Mandatory Minimum Sentences for Drug Trafficking
In State v. Benitez, 395 So. 2d 514 (Fla. 1981), the Court addressed a separation of powers challenge to a drug trafficking statute ( section 893.135, Florida Statutes) which established severe mandatory minimum sentences for trafficking in various types of illegal drugs, prevented the trial court from suspending, deferring or withholding the adjudication of guilt or the imposition of sentence on a person convicted under the law, and eliminated the defendant's eligibility for parole during the minimum mandatory sentence.
Subsection (3) of the statute provided what this Court described as "an 'escape valve' from the statute's rigors, based on the initiative of the prosecuting attorney, by permitting the court to reduce or suspend a sentence if a convicted defendant is willing to cooperate with law enforcement authorities in the detection or apprehension of others involved in drug trafficking." 395 So. 2d at 517.
The appellees in Benitez challenged the statute, alleging that subsection (3) "usurps the sentencing function from the judiciary and assigns it to the executive branch, since the benefits of subsection (3) are triggered by the initiative of the state attorney." Id. at 519.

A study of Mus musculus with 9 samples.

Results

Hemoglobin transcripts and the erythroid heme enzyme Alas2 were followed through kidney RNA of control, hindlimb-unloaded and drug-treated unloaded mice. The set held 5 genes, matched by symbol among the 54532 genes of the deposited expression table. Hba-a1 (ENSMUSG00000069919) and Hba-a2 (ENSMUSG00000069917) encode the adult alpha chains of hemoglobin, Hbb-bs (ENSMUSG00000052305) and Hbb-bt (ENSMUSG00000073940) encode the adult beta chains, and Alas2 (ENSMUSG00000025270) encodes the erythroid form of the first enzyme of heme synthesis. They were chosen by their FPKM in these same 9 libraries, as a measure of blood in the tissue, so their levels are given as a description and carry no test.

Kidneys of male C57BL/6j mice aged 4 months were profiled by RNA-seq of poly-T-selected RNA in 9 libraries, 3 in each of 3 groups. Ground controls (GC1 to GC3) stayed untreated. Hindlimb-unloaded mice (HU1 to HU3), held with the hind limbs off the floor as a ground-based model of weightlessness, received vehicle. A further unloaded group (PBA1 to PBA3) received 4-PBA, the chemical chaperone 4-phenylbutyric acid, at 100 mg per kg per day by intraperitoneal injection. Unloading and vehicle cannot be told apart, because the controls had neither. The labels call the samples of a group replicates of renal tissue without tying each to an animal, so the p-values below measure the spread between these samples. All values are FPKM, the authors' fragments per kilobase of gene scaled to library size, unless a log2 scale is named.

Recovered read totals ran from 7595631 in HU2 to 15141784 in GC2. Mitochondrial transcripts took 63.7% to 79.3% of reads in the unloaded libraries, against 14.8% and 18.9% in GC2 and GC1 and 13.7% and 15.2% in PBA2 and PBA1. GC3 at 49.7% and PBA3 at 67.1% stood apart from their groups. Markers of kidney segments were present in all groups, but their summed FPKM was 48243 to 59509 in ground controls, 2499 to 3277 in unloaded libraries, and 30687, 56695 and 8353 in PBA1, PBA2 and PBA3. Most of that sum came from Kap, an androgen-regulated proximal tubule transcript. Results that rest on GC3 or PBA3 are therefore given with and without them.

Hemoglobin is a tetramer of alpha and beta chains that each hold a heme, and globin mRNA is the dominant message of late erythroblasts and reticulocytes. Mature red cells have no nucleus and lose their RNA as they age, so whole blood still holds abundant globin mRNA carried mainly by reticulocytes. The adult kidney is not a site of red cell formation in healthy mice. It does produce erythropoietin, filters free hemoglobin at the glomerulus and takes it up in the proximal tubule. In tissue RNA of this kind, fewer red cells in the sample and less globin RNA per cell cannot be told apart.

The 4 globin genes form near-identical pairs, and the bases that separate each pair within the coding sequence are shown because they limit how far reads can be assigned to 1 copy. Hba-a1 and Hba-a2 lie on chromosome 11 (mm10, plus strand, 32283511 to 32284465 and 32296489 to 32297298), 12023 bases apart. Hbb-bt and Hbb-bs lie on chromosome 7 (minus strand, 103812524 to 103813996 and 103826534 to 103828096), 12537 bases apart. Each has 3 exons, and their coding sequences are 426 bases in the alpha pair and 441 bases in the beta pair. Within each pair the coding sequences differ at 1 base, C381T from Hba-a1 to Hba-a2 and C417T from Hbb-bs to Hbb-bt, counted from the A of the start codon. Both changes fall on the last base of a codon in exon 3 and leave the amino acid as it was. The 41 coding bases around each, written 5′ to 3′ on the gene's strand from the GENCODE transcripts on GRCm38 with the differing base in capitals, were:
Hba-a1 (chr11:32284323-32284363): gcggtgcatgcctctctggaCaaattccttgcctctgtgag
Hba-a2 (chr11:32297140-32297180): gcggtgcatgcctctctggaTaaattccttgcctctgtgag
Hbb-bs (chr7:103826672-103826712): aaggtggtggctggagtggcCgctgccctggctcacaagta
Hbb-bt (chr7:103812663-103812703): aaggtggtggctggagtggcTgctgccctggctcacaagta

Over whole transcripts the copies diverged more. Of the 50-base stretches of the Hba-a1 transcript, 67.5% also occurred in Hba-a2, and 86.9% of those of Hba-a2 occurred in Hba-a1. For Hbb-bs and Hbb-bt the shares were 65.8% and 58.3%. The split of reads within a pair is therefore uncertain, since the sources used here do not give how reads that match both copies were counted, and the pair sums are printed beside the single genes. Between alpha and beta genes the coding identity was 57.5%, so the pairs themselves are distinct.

In rejecting this argument, the Court noted that, under the statute, the ultimate decision regarding sentencing resided with the judge, who must rule on the motion for reduction or suspension of sentence, citing People v. Eason, 40 N.Y.2d 297, 353 N.E.2d 587, 589, 386 N.Y.S.2d 673 (N.Y. 1976)(upholding a similar statute against a separation of powers challenge, observing that the statute before it served "only to limit the sentencing options available to the judiciary as do, of course, all statutes prescribing the limits of the penal sanction to be imposed for any given offense").